An Eastern Bloc courier is shot and captured at an airport while entering the U.S. The courier had hidden tape intended for a mysterious operative known only as "Alexander." Erskine goes undercover, ...
Stu Bailey and Jeff Spencer were the wisecracking, womanizing private detective heroes of this Warner Brothers drama. Stu and Jeff worked out of an office located at 77 Sunset Strip in Los ... See full summary »
Efrem Zimbalist Jr.,
Sam McCloud is a Marshal from a Taos, New Mexico, who takes a temporary assignment in the New York City Police. His keen sense of detail and detecting subtle clues, learned from his experience, enable him to nab unsuspecting criminals despite his unbelieving boss.
Cases, based on real FBI files, were handled by Inspector Lewis Erskine and several coworkers over the years. Erskine reported to Arthur Ward, assistant to the director of the FBI. Written by
J.E. McKillop <firstname.lastname@example.org>
I don't think it was an accident that The FBI came to television when it did and left when it did. If J. Edgar Hoover was one thing it was that he was conscious of the image of his agency. He really did personally supervise films like The Street With No Name, The House On 92nd Street, and The FBI Story, anything where the Bureau was involved. And it was never shown in a bad light.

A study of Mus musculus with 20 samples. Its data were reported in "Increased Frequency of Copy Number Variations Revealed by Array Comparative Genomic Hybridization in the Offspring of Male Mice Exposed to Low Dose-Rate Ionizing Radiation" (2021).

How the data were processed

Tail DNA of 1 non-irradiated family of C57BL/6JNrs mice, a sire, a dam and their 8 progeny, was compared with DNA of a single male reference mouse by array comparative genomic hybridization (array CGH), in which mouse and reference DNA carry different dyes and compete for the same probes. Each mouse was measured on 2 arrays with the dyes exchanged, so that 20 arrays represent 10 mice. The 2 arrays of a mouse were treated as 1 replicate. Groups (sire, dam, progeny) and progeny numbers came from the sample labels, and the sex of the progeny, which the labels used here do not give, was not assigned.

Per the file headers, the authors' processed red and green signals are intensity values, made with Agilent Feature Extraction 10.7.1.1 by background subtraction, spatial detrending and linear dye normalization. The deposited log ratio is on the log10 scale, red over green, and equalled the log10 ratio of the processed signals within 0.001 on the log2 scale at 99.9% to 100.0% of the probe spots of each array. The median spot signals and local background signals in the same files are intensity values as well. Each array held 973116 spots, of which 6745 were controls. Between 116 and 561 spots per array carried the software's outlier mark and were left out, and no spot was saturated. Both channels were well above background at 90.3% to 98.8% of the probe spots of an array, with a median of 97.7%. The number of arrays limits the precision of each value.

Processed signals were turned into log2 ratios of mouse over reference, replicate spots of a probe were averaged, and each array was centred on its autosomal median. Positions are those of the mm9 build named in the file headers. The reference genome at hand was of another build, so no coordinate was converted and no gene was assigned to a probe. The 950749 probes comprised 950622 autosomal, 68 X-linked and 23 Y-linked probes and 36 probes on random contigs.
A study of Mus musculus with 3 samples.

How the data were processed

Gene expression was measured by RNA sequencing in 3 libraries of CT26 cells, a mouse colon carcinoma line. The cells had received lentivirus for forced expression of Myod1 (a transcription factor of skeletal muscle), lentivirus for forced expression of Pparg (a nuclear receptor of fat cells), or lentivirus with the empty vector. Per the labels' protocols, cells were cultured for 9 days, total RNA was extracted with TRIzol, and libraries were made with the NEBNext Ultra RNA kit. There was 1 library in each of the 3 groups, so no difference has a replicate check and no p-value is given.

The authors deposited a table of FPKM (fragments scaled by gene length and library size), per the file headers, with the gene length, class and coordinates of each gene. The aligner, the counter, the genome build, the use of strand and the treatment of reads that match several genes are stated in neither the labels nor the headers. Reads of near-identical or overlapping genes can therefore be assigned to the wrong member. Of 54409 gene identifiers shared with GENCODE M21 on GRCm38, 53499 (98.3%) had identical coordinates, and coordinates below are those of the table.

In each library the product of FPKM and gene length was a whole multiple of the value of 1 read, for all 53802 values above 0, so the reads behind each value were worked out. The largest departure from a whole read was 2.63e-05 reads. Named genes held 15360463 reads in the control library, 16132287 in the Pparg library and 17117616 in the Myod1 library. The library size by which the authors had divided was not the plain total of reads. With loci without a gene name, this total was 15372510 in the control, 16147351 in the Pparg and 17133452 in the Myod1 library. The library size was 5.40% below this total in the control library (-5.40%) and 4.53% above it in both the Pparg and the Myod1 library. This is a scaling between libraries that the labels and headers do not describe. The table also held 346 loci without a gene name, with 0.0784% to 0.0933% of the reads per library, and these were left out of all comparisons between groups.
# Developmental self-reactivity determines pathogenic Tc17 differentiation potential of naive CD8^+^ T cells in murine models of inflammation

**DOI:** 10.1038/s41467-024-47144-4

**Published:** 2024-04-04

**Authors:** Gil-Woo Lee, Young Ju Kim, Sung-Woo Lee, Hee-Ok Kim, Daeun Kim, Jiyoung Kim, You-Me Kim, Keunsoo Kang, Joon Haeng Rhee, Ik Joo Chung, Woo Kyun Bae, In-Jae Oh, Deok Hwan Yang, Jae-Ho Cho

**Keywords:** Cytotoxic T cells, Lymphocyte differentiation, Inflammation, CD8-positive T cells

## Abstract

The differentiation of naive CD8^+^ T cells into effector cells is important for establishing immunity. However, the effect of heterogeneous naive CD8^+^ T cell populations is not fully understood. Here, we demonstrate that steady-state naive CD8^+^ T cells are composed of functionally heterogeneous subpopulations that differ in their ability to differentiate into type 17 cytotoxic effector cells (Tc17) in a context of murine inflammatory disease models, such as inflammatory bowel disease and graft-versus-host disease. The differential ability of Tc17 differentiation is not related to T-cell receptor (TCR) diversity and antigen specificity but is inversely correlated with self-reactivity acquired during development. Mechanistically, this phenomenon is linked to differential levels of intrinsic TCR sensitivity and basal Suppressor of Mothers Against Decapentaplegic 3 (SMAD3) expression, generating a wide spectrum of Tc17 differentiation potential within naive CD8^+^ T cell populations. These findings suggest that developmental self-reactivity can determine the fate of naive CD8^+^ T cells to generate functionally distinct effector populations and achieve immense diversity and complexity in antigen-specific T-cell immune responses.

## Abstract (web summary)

But in 1965 we had just lost a president through assassination and while the FBI does not have direct responsibility for presidential protection, the rumblings about Hoover's relationship with the Kennedys were being heard. I think Hoover felt that the FBI needed some good publicity so this show was aired.
It wasn't a bad show, it wasn't the best police action adventure show on television, but it had its share of well acted episodes. Efrem Zimbalist, Jr. was a stalwart defender of law and order and he was ably assisted first by Stephen Brooks and later William Reynolds for most of the show's run and then Shelley Novack. Take a look at the cat list, a whole lot of people who later became prominent appeared in this show.
Hoover died in 1972, rather suddenly and the FBI then became a casualty of the Watergate Scandal. It was put forth in that film The Private Files of J. Edgar Hoover that if Hoover had lived a few more years, Watergate would never have seen the light of day. I think there's some truth to that. In any event acting director L. Patrick Gray was forced to resign in the whole Watergate mess and a show about The FBI just wasn't a big item any more for television.
Indirectly I think the show was a casualty of Watergate as well though it was probably nearing its end in any event. No coincidence it ended in the year Richard Nixon resigned as president.
Still The FBI is both a reflection of the times and it somehow stood outside the changes that were going on in America during its run.